Background Obesity has been associated with polycystic ovarian syn- drome (PCOS) since Stein and Leventhal first described it in 1935. When using equivalent diagnostic criteria. This implies that lifestyle variables like obesity cause PCOS. Obesity worsens PCOS-related reproductive and metabolic problems.
Materials and Method The present study included 40 women with polycystic ovarian syndrome at ages (17 -36) years, in addition, the study included 40 non-diabetic obese women with a mean age range of (18 -56) years, Between November 2022 and May 2023, the participants in this research were enrolled at Al-Diwanyah Teaching Hospital. All laboratory test analysis was completed at the Clinical Chemistry Research Lab and AL Diwaniyah Teaching Hospital, both located in the College of Medicine at the University of Al-Qadisiyah.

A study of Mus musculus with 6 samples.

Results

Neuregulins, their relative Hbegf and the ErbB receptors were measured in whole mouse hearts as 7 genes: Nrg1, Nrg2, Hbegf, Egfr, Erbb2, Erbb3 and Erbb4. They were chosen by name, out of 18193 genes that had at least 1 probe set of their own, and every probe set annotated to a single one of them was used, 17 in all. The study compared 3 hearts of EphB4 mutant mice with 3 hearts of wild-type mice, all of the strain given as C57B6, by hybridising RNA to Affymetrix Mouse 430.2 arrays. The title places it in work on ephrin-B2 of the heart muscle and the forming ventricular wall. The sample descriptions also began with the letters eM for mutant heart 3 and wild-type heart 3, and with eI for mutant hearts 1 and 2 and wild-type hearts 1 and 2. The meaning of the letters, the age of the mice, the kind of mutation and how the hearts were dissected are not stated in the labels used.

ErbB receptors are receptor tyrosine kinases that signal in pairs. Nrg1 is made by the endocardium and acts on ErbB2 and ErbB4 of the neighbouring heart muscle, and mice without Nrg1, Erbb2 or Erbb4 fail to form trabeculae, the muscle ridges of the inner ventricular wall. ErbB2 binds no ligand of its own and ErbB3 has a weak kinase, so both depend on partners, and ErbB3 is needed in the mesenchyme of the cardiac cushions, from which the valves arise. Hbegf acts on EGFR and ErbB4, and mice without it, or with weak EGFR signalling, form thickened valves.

Results In the present results lipid profile, the mean cholesterol was significantly higher in the PCOS Group in comparison with the obese OND . There was no significant difference in the mean serum triglycerides, HDL, LDL, and VLDL between the PCOS Group and the OND group. There was no significant difference in the mean preptin level between the PCOS group and the obese OND (p = 0.473). Then there was a comparison of preptin levels before and after the treatment in OND patients there was a significant reduction in the level (p < 0.001), and in comparison of preptin levels before and after the treatment in PCOS patients there was a significant reduction in the level (p < 0.001).
Conclusion According to the current findings, treating overweight or obese PCOS patients with insulin resistance, the Homeostatic Model As- sessment for Insulin Resistance, and metformin had comparable outcomes.